A series of genetic disorders, some rare and some common, are connected to a heart condition that can cause sudden cardiac death. Until now scientists couldn’t identify how the two sets of diseases were connected. Now they think they have an answer, but more importantly, they also believe they have the solution.
A rare mutation in a gene called BRAF causes cardiofaciocutaneous syndrome (CFC), a disease which affects fewer than 300 people worldwide and causes abnormalities of the head, face, skin, and major muscles, like the heart. Nearly half of individuals with CFC also have a heart condition called hypertrophic cardiomyopathy (HCM). Although CFC is indeed an incredibly rare condition, other genetic diseases similar to CFC also have connections to HCM, and scientists believe that one explanation and one solution could help a large amount of individuals suffering from rare diseases.
Scientists from the Icahn School of Medicine at Mount Sinai Hospital investigated the role of a cell-signaling pathway called RAS/MAPK as the potential connection between HCM and diseases like CFC. In the lab, they created induced pluripotent stem cells from CFC patients’ skin cells, which were finally transformed into cardiomyocytes, the muscle cells of the heart responsible for the heartbeat.
Their unique cell culture model led to an observation that provides the foundation for what the Mount Sinai scientists now believe about the connection between HCM and CFC. They saw the cardiomyocytes created in the lab interacting with cells resembling fibroblasts, cells of the connective tissue family that produce collagen and other proteins in the face of tissue injury.
“These fibroblast-like cells seem to be producing an excess of a protein growth factor called TGF-beta, which, in turn, caused the cardiomyocytes to hypertrophy, or grow larger,” explained Bruce D. Gelb, MD. “We believe this is the first time the phenomenon has been observed using a human induced pluripotent stem cell model of the disease.”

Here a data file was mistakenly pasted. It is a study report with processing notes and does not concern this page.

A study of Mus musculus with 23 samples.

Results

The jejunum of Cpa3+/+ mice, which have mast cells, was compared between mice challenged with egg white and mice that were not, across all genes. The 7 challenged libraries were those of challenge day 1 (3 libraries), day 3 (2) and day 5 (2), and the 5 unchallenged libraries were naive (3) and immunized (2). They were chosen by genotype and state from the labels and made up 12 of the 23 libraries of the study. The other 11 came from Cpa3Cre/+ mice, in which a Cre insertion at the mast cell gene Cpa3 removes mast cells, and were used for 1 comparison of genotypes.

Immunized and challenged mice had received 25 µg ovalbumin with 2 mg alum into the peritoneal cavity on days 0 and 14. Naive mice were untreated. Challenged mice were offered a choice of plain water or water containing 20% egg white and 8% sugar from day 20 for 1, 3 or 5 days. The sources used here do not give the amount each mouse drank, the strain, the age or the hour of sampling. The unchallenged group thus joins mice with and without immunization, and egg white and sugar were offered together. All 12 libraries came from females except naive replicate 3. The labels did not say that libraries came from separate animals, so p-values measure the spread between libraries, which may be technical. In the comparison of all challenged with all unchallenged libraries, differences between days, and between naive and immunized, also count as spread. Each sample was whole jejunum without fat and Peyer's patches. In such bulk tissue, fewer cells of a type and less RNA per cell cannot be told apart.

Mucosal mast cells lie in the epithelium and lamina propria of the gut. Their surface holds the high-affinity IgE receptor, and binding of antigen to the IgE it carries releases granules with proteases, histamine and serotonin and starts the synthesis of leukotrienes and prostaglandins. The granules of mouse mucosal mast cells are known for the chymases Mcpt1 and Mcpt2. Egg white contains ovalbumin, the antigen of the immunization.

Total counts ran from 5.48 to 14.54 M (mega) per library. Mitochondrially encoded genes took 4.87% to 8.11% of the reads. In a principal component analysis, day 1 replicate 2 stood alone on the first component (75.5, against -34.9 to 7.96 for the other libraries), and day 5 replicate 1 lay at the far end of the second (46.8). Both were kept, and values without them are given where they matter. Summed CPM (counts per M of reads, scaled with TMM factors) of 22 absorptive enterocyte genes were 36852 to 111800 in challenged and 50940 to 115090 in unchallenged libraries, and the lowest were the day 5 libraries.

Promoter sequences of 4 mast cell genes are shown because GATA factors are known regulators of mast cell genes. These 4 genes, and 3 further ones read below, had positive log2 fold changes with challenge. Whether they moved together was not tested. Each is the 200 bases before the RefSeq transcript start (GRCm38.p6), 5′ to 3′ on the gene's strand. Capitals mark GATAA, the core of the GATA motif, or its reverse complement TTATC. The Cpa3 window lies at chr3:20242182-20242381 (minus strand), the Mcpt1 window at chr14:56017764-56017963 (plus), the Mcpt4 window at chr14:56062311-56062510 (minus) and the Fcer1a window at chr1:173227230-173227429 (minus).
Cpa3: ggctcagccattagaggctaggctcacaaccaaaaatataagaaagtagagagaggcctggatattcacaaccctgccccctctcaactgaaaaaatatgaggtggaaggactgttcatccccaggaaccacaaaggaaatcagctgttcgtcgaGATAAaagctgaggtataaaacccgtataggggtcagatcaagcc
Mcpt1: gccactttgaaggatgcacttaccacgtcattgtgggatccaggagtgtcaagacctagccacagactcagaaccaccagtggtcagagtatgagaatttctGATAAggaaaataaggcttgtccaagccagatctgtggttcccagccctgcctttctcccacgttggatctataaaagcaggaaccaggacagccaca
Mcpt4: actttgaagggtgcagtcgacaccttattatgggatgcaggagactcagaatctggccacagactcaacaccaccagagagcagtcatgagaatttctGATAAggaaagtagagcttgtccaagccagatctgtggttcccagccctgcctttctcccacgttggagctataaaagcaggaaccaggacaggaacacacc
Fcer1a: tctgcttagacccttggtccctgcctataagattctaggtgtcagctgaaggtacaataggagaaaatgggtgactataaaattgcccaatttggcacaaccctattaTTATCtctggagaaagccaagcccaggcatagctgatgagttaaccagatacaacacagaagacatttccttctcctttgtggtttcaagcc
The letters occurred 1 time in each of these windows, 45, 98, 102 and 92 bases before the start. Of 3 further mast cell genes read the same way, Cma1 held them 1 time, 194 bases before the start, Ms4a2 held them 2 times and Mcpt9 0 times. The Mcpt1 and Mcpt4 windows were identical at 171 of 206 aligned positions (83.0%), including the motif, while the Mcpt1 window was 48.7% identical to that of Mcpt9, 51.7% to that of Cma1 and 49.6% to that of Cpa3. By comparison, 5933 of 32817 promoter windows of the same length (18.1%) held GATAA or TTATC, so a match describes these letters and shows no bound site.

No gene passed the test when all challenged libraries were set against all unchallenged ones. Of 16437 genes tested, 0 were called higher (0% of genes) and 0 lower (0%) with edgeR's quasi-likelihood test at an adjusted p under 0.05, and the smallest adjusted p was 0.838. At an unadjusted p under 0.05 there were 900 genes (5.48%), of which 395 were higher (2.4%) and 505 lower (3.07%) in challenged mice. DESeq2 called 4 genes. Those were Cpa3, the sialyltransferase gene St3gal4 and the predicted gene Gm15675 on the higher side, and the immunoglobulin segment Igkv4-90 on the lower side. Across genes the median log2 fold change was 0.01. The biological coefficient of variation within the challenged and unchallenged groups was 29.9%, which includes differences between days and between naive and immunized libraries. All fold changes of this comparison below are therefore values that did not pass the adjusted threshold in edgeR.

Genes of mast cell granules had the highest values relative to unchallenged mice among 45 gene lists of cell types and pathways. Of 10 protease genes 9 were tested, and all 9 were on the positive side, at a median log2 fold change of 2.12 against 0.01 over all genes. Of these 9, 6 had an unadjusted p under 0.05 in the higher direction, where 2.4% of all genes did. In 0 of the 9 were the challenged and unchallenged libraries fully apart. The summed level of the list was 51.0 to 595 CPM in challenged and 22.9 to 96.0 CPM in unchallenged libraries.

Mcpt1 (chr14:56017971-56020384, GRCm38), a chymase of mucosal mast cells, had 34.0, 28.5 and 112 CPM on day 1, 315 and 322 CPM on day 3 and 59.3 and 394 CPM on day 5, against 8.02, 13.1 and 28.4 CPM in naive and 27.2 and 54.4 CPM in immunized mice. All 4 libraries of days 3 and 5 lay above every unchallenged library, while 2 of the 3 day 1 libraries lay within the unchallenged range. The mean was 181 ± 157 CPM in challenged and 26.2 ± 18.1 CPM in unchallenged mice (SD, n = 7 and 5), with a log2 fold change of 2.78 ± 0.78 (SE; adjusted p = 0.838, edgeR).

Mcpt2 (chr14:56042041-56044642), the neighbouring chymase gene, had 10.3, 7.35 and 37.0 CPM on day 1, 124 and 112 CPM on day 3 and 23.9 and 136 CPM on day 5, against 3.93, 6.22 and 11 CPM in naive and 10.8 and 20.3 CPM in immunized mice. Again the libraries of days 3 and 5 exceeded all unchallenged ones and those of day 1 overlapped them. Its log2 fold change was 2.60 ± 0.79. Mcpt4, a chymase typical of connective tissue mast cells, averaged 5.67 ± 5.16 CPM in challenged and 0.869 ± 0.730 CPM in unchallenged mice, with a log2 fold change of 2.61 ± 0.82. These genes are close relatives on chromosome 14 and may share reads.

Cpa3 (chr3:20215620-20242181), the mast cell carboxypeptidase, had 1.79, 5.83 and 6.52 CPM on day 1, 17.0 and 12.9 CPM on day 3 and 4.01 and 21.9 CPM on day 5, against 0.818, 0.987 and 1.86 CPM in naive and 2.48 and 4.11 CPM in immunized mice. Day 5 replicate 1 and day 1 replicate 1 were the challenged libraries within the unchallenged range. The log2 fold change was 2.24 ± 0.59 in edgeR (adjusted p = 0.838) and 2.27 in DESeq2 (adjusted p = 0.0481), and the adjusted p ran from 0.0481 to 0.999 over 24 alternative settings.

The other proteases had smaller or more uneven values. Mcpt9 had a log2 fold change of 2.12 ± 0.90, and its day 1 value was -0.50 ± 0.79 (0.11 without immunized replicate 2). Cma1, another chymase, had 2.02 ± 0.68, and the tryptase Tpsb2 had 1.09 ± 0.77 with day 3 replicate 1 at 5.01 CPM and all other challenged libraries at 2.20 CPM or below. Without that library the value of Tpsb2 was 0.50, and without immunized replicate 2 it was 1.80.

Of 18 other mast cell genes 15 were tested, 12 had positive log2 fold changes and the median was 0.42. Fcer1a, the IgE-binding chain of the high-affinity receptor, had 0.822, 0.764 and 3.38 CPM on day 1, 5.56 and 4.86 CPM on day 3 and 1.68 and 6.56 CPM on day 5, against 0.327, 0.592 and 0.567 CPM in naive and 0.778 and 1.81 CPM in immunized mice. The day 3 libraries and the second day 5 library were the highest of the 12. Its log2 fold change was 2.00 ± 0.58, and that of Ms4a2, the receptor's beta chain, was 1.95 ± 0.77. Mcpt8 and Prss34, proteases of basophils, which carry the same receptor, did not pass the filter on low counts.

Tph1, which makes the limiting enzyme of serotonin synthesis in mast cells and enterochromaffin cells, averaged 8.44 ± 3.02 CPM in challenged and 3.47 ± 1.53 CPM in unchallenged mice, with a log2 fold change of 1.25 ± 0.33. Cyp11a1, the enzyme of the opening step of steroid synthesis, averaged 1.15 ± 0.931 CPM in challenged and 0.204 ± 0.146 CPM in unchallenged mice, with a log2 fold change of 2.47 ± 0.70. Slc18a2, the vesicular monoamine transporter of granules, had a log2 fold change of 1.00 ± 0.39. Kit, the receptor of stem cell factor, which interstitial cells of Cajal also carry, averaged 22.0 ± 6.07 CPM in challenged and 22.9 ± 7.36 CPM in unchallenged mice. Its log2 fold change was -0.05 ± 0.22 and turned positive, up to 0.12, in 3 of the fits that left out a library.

After identifying TGF-beta as the cause of the hypertrophy, Gelb and the team then experimented with blocking TGF-beta in the lab using antibodies that bind to the growth factor. They successfully stopped further hypertrophy of the cardiomyocytes. Gelb also believes that the relationship between the fibroblast-like cells and cardiomyocytes is a vicious cycle - fibroblast-like cells trigger the release of TGF-beta growth factors, cardiomyocytes grow larger, causing the fibroblast-like cells to trigger more release of TGF-beta. Gelb and the team are now focused on proving the existence of the vicious cycle of hypertrophy.
There are no curative options for HCM, but this study provides the opportunity for scientists to “treat HCM by blocking specific cell signals,” which could help thousands of patients connected to the disease.
This study was recently published in the journal Stem Cell Reports
Sources: Mount Sinai Hospital/Mount Sinai School of Medicine
, Molecular Biology of the Cell, 4th edition.